Forestland-urban interface areas are identified in each county by a classification committee. A committee is composed of five members -- three appointed by the county, one by the state fire marshal and one by the state forester. The process of identifying forestland-urban interface areas follows steps and definitions described in Oregon Administrative Rules 629-044-1005 through 629-044-0145. Briefly, the identification criteria include:
- Lands within the county that are also inside an Oregon Department of Forestry protection district.
- Lands that meet the state’s definition of “forestland.”
- Lands that meet the definition of “suburban” or “urban”; in some cases, “rural” lands may be included within a forestland-urban interface area for the purpose of maintaining meaningful, contiguous boundaries.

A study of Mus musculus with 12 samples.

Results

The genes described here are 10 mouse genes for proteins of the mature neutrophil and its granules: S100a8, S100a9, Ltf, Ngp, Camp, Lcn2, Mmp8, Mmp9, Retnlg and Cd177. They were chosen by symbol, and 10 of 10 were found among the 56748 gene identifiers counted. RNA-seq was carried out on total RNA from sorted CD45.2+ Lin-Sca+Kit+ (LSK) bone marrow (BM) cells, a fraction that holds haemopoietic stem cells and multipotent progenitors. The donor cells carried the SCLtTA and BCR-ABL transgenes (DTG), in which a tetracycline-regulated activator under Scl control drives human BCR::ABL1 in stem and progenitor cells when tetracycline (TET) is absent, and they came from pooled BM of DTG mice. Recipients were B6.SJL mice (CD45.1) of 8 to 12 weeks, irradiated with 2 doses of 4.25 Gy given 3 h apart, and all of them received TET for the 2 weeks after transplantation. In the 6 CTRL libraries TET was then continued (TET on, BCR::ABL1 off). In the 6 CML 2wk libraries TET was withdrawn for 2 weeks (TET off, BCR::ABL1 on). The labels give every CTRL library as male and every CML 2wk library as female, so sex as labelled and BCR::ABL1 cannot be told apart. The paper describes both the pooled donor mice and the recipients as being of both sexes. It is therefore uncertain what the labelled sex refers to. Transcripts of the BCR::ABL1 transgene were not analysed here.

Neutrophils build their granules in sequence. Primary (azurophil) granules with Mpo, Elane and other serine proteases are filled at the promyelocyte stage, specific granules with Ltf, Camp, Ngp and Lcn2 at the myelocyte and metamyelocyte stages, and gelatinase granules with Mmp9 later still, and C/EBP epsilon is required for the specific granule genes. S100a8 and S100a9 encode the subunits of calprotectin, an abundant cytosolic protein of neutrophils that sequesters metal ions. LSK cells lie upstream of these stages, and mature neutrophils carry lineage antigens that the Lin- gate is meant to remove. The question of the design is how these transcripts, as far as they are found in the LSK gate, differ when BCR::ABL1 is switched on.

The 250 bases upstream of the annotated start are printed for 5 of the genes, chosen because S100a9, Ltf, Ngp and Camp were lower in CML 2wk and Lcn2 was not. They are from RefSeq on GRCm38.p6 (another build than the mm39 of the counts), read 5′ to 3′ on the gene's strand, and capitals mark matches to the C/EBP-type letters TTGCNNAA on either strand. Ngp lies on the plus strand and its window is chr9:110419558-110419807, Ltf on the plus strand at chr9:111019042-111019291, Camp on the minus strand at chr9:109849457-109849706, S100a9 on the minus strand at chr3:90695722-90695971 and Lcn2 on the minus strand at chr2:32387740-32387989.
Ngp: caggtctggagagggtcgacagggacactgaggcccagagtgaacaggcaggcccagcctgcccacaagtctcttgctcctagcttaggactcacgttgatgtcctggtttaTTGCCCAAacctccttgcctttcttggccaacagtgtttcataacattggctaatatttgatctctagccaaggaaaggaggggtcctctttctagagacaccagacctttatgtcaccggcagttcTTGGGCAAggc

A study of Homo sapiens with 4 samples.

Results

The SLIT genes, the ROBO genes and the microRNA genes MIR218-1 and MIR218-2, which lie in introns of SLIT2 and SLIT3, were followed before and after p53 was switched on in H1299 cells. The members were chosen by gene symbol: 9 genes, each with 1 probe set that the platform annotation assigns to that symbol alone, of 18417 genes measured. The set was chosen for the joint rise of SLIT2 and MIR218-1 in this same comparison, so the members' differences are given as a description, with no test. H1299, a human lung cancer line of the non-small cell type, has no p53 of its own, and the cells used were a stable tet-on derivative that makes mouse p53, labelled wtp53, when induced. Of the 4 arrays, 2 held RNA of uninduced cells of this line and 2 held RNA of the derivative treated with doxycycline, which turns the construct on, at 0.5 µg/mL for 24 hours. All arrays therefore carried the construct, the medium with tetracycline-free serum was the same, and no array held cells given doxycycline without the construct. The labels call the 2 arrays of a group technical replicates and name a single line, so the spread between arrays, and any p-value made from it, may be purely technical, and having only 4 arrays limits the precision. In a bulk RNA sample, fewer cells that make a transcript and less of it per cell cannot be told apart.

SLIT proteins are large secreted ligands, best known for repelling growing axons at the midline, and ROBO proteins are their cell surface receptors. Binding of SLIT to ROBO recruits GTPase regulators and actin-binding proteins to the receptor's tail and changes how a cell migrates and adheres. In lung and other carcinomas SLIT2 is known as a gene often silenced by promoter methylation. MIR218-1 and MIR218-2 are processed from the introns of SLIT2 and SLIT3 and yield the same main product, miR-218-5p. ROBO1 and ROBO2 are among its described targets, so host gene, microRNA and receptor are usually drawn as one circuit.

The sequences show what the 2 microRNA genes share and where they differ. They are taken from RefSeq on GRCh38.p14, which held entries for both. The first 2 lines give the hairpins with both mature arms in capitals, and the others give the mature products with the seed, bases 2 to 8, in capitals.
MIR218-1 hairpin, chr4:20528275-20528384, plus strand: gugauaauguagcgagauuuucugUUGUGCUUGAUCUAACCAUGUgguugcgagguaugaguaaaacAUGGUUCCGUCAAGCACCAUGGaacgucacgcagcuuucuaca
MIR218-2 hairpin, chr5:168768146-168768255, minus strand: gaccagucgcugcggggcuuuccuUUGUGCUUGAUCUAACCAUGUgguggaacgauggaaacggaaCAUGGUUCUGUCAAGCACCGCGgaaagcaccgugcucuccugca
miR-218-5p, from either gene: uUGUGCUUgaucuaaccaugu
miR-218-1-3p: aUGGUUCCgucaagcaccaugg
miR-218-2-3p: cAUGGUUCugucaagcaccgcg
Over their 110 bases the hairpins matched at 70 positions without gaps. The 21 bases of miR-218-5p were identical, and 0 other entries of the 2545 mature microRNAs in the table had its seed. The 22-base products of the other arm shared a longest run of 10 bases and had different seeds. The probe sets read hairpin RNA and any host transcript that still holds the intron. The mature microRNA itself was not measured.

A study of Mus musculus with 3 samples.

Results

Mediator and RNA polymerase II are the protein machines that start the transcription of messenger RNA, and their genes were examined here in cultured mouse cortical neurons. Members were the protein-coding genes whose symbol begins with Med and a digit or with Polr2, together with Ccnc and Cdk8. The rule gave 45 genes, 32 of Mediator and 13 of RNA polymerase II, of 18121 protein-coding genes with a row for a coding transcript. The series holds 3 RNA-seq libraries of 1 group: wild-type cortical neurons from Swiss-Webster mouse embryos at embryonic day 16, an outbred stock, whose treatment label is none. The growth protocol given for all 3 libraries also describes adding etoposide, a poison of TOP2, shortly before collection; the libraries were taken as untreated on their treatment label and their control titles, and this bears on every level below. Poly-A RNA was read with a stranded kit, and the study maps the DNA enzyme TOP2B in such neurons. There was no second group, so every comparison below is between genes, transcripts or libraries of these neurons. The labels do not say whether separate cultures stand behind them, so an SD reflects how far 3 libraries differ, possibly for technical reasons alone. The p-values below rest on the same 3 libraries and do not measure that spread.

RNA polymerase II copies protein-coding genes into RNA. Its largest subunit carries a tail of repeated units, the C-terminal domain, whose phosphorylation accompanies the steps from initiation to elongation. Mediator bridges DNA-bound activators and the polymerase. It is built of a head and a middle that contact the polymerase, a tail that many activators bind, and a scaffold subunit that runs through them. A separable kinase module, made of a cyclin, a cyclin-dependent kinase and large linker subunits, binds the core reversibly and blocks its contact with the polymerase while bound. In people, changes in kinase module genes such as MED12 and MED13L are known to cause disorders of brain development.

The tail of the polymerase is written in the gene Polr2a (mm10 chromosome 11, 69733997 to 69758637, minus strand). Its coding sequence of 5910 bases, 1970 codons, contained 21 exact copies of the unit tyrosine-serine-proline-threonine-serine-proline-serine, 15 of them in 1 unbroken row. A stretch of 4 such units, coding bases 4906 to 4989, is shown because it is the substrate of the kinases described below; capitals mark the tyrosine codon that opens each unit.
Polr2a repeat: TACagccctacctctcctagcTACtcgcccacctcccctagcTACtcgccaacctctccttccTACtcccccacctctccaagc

- Lots that are grouped with other lots with similar characteristics in a minimum density of four structures per 40 acres.
Once forestland-urban interface areas are identified, a committee applies fire-risk classifications to the areas. The classifications range from “low” to “extreme," and the classification is used by a property owner to determine the size of a fuel break that needs to be established around a structure.
After a committee completes its draft identification and classification maps, a public hearing is held to formally exhibit the committee’s findings and hear testimony. The maps are finalized by the committee after the hearing, and the findings are filed with the county clerk and the Oregon Board of Forestry. At that point, ODF assumes administrative responsibility and notifies the owners of properties within the county's forestland-urban interface areas. Property owners have two years after receiving their letter of notification to comply with the fuel-reduction standards described in OAR 629-044-1050 through 629-044-1085.
A committee convenes every five years to review forestland-urban interface classifications.